It’s no secret that Victoria is facing a housing crisis. However, what is not so widely available, are alternative solutions to high-rise densification, but options are out there – and one is to live in a tiny home.
From June 15 to 17, Tiny House Courses BC, in partnership with KZ Permaculture and Tiny Healthy Homes, will hold a series of workshops led by Edmonton-based educator and speaker Kenton Zerbin, who lives and works out of a tiny home he designed with his wife, Melissa.
“It’s a trendy topic, but in Victoria in particular. The housing crisis means there’s such a crunch; people are really looking for solutions,” says Tobi Elliot, co-founder of Tiny House Courses BC.
In 2016, she began spreading the word about tiny homes – traditionally a structure anywhere from 18 to 48 feet long, and on wheels – by offering introductory classes on Gabriola Island, where she lives.
They quickly sold out, so Tiny House Courses BC decided to bring Zerbin back in January 2017, hosting workshops in Nanaimo and Victoria.
“The conversation was already happening and we sort of tapped into that,” Elliot says, adding the issue of affordable housing is no longer exclusive to Vancouver.
Want to take a #TinyHouse Course this summer? Watch this space! Mon June 4th, we’re running a weeklong contest to give away a FREE seat in EACH of our weekend courses w. @KentonZerbin! Stay tuned, details to come! https://t.co/bDZ4MyrJZk #tinyhome #build #yyj #yyjevents #Contest pic.twitter.com/4KKU3UCuFO— Tiny House Courses B.C. (@tinyhousecourse) June 3, 2018
In Victoria, Tiny House Advocates of Vancouver Island, who formed in July 2017 with the goal of working with local governments to make tiny houses legal, has reached over 400 members and is growing.
Tiny homes have built a reputation as sustainable, affordable and community-building options for housing. But, there’s more to the concept than meets the eye, Elliot says.
“You can’t just look at a photo on Instagram or Pinterest and go – ‘that’s nice,’” she explains. “You have to know what your lifestyle is, what your energy needs are going to be, where you’re going to put it, how often you’re going to move it and how you’re going to work with the bylaws.”
“There are reasons why you design tiny houses in particular ways,” Elliot explains, pointing out they must be breathable, utilize proper building materials and stay within budget. Try not to build it with debt, she adds.
In Edmonton, where Zerbin parks his tiny house in a farmer’s field, the city amended five bylaws to make it legal.
In B.C. the desire is there to do the same, says Elliot, who considers the workshops a launchpad where interested tiny dwellers can access a large amount of research – the focus of which has now become how to work with municipal bylaws.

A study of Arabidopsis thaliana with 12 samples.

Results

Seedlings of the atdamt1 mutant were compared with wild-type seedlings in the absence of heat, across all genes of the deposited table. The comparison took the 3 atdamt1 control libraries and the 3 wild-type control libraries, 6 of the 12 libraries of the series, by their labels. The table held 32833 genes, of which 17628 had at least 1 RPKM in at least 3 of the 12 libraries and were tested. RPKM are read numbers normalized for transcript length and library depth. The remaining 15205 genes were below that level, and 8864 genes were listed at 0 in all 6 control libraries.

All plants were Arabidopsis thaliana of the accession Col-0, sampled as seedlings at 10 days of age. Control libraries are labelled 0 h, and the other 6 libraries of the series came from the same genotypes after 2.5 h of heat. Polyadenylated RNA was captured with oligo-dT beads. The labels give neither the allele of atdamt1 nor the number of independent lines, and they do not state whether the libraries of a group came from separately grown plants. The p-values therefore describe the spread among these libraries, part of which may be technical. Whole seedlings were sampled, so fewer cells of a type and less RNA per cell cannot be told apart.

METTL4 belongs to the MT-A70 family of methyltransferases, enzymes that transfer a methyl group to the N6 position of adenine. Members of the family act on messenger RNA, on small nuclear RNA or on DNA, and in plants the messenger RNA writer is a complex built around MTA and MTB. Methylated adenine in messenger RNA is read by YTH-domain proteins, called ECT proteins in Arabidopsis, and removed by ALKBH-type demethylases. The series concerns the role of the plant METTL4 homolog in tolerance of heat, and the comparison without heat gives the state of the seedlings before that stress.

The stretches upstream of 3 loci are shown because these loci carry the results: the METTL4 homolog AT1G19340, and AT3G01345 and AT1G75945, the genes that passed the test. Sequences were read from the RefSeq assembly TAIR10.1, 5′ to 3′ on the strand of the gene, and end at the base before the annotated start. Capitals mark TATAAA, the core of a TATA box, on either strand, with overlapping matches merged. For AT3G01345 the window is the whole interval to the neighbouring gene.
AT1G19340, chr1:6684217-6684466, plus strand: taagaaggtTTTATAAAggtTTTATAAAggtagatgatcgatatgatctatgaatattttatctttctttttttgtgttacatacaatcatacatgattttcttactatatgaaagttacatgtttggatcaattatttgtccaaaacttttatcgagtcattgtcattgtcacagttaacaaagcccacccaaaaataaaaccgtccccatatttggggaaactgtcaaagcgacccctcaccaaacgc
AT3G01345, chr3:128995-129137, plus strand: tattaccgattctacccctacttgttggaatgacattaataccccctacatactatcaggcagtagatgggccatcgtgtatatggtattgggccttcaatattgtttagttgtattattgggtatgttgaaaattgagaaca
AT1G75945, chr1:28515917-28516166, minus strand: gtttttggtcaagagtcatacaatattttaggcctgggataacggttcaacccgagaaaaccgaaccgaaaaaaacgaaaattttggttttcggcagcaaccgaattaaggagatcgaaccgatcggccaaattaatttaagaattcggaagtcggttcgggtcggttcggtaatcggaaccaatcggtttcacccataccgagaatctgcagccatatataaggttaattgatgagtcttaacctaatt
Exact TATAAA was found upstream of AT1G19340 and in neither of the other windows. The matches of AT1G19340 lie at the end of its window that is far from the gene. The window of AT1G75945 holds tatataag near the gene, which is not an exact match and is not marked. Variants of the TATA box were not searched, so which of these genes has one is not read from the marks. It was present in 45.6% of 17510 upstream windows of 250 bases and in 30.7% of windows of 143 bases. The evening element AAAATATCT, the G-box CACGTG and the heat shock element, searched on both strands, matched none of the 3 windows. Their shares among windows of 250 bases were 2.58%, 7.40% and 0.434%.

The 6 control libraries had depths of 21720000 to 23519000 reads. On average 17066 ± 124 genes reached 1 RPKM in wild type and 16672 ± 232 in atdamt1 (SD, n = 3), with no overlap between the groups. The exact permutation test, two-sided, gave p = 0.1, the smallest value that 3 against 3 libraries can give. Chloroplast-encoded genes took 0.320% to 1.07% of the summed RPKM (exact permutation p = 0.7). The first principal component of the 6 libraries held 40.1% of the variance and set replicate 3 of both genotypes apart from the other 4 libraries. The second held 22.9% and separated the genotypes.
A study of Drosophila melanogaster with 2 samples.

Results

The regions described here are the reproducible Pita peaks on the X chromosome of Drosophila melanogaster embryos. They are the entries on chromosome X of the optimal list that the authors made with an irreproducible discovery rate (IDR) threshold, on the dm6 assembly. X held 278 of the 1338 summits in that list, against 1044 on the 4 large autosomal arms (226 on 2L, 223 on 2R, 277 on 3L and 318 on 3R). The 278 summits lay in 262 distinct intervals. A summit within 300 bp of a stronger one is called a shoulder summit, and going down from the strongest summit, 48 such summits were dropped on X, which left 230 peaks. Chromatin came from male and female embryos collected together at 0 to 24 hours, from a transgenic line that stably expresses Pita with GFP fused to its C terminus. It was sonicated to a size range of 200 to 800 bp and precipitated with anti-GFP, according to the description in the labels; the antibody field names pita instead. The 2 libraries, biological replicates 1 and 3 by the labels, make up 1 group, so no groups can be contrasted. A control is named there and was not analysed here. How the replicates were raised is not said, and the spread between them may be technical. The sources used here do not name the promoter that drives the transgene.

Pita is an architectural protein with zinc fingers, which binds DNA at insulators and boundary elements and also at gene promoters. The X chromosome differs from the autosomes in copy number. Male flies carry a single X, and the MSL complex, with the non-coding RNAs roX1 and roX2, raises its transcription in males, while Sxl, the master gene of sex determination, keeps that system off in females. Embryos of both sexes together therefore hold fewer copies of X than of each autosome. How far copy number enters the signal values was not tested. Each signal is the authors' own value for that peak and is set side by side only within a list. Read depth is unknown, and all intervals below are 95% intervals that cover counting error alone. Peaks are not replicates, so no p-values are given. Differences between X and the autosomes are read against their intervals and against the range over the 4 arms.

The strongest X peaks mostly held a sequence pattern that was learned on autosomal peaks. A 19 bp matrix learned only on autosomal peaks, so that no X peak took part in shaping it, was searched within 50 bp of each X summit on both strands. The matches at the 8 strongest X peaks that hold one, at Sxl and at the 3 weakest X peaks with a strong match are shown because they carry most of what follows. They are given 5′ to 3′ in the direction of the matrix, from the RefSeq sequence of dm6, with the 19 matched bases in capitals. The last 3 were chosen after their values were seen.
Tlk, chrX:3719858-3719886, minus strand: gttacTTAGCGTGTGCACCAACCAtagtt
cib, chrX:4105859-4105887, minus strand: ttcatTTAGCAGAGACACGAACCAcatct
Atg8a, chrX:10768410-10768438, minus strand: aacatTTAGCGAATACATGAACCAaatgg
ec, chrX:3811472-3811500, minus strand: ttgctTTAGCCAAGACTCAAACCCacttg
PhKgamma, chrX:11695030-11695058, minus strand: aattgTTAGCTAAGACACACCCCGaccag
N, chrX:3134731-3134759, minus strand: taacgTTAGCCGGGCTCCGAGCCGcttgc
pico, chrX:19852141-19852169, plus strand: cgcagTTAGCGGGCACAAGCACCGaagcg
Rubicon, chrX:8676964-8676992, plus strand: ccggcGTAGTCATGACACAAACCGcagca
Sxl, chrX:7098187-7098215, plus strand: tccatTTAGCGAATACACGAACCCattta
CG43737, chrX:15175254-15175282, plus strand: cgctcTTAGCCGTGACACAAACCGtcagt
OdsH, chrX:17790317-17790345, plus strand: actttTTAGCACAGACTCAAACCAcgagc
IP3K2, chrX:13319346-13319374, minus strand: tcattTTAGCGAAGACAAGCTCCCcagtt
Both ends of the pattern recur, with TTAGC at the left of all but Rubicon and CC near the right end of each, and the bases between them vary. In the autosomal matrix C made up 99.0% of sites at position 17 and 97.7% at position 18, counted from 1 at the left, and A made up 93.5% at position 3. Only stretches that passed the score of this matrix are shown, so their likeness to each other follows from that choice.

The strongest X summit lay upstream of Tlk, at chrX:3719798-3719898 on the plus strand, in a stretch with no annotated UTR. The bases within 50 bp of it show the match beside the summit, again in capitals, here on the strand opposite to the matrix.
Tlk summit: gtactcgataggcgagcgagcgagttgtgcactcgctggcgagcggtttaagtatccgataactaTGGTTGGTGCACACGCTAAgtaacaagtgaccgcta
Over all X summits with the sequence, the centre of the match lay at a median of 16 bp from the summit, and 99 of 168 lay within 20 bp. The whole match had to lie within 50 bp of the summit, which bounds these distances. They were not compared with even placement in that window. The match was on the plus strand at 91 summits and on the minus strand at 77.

A rewrite of Tofino’s zoning bylaws is paving the way to allow tiny homes, while Central Saanich is currently conducting a study and holding open houses on how to zone and use land going forward, with structures like tiny homes and carriages houses in mind.
“For interest to coalesce into a movement, you need dedicated individuals in a community who are going to build relationships with municipal officials together,” Elliot says. “Going forward to your municipality and having solutions already … that empowers them to come up with solutions for you.”
A pilot project for tiny homes is underway in Maple Ridge, based on a loophole found in an old bylaw left over from Expo ’86 designating RV’s as a legal unit in which to reside.
“It’s exciting news because it’s so transferable to other places,” says Ben Garratt, of Tiny Healthy Homes. “It’s a good starting point because it’s a big pain for municipalities to write new legislation.”
Garratt, who designs and builds tiny homes, says the project will open the door to legally allow such houses as a way of increasing density in urban areas. On Vancouver Island, he points out, “there is tons of land” where “you can easily park on five acres of land without bothering anyone.”
|Tiny house builder Ben Garratt says he fields calls from people in cities big and small, looking for affordable housing solutions, particularly in B.C. where the market has grown significantly in recent years. Photo courtesy of Tiny House Courses BC
To create effective policies around land use that keep up with density, tiny houses are going to have to be part of that, he continues. “You can build high rises all day long but there’s still a lot of unused space in cities.”
Calls to Garratt come from people living in cities like Vancouver and Victoria, as well as those in smaller communities and more rural settings.
Things are changing in that regard, he says, as the fantasy of living off the land, and off the grid has morphed into living tiny, in a big city.
“[It’s the] most viable option for a lot of people; as soon as there’s some legalities ironed out, I can see it kind of exploding,” says Garratt, recognizing living tiny is not for everyone, but a great option in a housing market like B.C.
Elliot maintains creative housing solutions are imperative, especially for islands.
“The whole point is you don’t live for your house,” she says. “You live for your life and your lifestyle and part of that is community.”
For more information on the cost of the workshops, or to register, visit TinyHouseCoursesBC.com. Follow them on Twitter to win free tickets to workshops in Victoria or Shawnigan Lake.